January  2024

Maximixe your HSA e-Newsletter  Vol. 20, Issue 2

6 Money-Saving Tax Tips for 2024

 1.Maximize Your Deductions for Tax Year 2023

It’s not too late to make contributions to your retirement plans for tax year 2023.

You have until April 15th to top-off your contributions to your IRAs and Roth IRAs for 2023. 

The IRA contribution limits for 2023 are $6,500 for those under age 50 and $7,500 for those 50 and older

2. Fund your HSA (Or, switch to an HSA-compatible High-Deductible health plan)

Dollar-for-dollar, health savings accounts (HSAs) are arguably the most powerful tax reduction and wealth accumulation tools in the tax code.

No other savings vehicle offers the same combination of tax advantages:

  • Tax-deductible/pre-tax contributions
  • Tax-deferred growth as long as the money stays in the HSA
  • Tax-free withdrawals to pay qualified medical expenses
  • At age 65, the money is available for any reason, penalty-free. You just pay income taxes on withdrawals for anything other than qualified medical expenses. 

The catch:  You need to enroll in a qualified high-deductible health plan (HDHP) to make contributions. 

But HDHPs are a great thing for most people. That’s because the higher deductibles mean your premiums are much lower. That means you will have some cash freed up to contribute right away.

Good news: you can still take advantage of Open Enrollment in nearly all states, until January 15th, to enroll in a new HDHP.

To sign up, contact the PBM who sent you this email, and complete enrollment by the deadline. 

Read more: How to Switch to a Health Savings Account-Compatible Plan (And Why You Should Do It)

3. Start tracking business expenses now

January 1st is a great time to implement a system for tracking all your business expenses for the year. 

If you are self-employed or own a small business, now’s the time to create your Schedule C, and start filling it out.

Have a system for keeping receipts. Or use a mobile phone app to photograph, categorize, and store them on the Cloud. You’ll need this in case you get audited.

That way, filing your annual or quarterly taxes is a snap!

4. Track vehicle mileage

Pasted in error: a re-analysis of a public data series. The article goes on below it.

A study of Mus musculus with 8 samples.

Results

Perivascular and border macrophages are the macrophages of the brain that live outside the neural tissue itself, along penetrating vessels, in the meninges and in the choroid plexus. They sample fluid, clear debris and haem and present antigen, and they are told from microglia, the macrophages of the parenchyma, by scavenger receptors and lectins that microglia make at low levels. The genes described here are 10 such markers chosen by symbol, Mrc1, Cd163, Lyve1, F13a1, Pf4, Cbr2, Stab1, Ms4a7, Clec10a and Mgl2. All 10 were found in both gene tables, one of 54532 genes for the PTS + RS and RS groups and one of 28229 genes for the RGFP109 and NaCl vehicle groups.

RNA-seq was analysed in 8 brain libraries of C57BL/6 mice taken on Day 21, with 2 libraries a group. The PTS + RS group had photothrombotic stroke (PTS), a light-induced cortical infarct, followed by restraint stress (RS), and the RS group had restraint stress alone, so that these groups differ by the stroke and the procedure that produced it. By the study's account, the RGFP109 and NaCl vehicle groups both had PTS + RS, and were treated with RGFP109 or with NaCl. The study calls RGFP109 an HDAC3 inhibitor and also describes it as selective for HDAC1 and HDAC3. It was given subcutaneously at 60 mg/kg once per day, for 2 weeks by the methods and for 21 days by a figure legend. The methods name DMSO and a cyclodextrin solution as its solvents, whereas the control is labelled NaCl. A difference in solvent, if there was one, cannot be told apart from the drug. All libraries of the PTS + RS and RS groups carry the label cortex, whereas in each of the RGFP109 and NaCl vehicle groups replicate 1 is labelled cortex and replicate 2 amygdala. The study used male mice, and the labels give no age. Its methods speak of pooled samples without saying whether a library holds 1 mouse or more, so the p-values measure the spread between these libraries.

Did you drive your own car for work?

Or for medical purposes? Or for charitable purposes? You can deduct money from your taxable income for every mile you drive. 

For 2023, the standard deduction was 

  • 65.5 cents per mile driven for business use, up 3 cents from the midyear increase setting the rate for the second half of 2022.
  • 22 cents per mile driven for medical or moving purposes for qualified active-duty members of the Armed Forces. 
  • 14 cents per mile driven in service of charitable organizations.

The mileage rates for 2024 haven’t been announced yet. But you should start tracking mileage anyway. Put a clipboard or notebook and pen in your car, or use an automated cell phone mileage tracker. 

 5. Claim the business use of home deduction

If you run your business from home, you may be eligible for a home office deduction.

Understand the criteria outlined in IRS Publication 587, which provides details on claiming this deduction.

6. Own long term care insurance

Health insurance generally doesn’t cover long term care costs.

Neither does Medicare.

That’s where long-term care insurance comes in.

Qualified long-term care premiums are deductible. The amount you can deduct depends on your age. But unless you expect to be tremendously wealthy or indigent in retirement, you should consider owning a long-term care policy.

For more information, click on your Personal Benefit Manager’s calendar and make an appointment for acase analysis and quote.

Note: Unlike health insurance, long term care insurance is medically underwritten. That means you could be turned down, or required to pay more if you have health issues. The best time to buy long term care is now, before an unexpected health problem comes up. 

What to Do Now

Each of these tips is designed to be specific and actionable.

Not all of them will make sense for every circumstance. But most of them are very doable—and can make a big difference for your financial security over time. Especially if you are a business owner or have self employment income.

Need more information? The best thing to do is to work closely with a qualified tax advisor, or contact your Personal Benefits Manager who sent you this newsletter if you’d like to look into Long-term care insurance.

They can help you design your plan, and make sure any solutions you purchase are suitable for your individual circumstances.

Click here to schedule an appointment, or call 800-913-0172 to get started.    

To your health and wealth,

Wiley Long Signature

Wiley P. Long, III
President - HSA for America

Wiley Long Portrait


Wiley Long HSA for America President

Wiley Long is President of HSA for America. He believes that consumers should have choice and price transparency, so they can make the best healthcare decisions for their needs. Read more about Wiley on his Bio page.